The Kidney Foundation is on a mission to deliver socks to dialysis patients across B.C.
A common side effect of dialysis is cold hands and feet, and the Warm the Sole campaign is meant to bring a little bit of warmth and comfort to 3,300 dialysis patients around the province.
Randy Spensley, engagement officer with the Kidney Foundation, was at the Cumberland Community Dialysis Clinic Wednesday, delivering socks to the patients there.
“My feet are always cold,” said Bill Hamel after receiving a pair of blue socks, decorated with miniature kidneys.
Hamel is 80 years old and has been on dialysis for around 2 years. With six renal units on the Island, he used to have to travel to Nanaimo for treatment but is now happy to be at a clinic much closer to home in Cumberland.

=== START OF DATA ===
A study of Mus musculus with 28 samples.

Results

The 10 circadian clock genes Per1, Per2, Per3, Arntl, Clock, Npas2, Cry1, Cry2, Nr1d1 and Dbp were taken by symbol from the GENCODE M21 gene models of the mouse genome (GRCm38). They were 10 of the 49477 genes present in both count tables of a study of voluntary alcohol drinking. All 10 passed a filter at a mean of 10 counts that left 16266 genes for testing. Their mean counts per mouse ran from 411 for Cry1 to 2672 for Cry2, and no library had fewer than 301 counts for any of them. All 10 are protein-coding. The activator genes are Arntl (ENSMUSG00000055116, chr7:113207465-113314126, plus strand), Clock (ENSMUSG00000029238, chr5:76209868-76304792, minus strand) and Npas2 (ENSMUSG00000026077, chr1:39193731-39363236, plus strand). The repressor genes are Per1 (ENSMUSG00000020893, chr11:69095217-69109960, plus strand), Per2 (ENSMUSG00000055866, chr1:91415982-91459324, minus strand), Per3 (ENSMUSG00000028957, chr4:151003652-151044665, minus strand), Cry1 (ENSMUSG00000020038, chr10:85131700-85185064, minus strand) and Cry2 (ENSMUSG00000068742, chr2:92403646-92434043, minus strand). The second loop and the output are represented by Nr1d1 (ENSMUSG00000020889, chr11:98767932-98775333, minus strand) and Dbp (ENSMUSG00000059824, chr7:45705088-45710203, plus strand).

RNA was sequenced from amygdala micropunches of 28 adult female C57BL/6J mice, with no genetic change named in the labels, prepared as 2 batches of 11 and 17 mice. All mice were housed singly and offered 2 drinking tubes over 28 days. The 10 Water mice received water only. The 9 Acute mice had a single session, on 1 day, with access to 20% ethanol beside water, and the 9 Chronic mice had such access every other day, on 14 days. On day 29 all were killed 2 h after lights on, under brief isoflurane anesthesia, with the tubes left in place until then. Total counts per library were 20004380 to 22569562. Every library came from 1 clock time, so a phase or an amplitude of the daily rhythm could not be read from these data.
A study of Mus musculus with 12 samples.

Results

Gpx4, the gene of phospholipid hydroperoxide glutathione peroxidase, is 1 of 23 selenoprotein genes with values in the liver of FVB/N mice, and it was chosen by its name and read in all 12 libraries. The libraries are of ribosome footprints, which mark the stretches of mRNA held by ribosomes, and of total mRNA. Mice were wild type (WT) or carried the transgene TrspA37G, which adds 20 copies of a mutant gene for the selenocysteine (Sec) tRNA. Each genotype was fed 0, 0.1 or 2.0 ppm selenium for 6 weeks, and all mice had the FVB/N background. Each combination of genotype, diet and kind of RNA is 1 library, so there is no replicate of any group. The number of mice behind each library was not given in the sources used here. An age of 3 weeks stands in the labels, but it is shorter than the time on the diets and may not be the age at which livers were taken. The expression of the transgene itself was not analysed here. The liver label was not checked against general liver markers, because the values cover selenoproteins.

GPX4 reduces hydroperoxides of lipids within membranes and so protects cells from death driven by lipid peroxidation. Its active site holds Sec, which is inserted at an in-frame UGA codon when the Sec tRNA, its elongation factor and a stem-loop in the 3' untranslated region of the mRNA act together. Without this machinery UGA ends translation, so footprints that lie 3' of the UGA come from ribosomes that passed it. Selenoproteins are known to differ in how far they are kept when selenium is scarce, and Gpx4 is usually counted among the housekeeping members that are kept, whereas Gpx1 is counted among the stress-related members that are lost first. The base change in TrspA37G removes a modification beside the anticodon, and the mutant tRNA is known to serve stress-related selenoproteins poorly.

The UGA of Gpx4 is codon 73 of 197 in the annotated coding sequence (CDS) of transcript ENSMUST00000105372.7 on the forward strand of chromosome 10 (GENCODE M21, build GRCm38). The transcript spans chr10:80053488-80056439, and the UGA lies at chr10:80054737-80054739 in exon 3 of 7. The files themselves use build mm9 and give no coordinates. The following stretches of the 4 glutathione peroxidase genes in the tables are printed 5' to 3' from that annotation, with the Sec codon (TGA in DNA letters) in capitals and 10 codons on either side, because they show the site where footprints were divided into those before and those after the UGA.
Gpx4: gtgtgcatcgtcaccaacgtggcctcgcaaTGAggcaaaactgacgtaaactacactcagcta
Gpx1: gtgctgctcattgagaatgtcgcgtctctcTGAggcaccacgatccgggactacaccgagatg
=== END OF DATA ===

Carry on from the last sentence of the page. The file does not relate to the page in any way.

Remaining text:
“I never realized how many people were on dialysis until I got on dialysis myself,” said Hamel. “Dialysis to me means a lot. It’s my life actually.”
He says he has grown to enjoy his time in dialysis because he gets to visit with the nurses and always laughs a lot.
“Here the service is excellent – all the nurses want to help you. It’s like coming home every time,” he said.
Spensley has only been working with the Kidney Foundation since September 2018 but was a volunteer long before that.
He was on dialysis himself for four years until he received a kidney transplant in 2012.
“My motto has always been pay it forward,” said Spensley. “May be a cliche, but for me, because I’m alive and well today, if I can give back to the people who aren’t well … that’s what I want to do.”
The Warm the Sole campaign was made possible thanks to $10,000 from the Aviva Community Fund. Your City Sports also donated an additional 3,300 socks to be distributed to those experiencing homelessness in the lower mainland.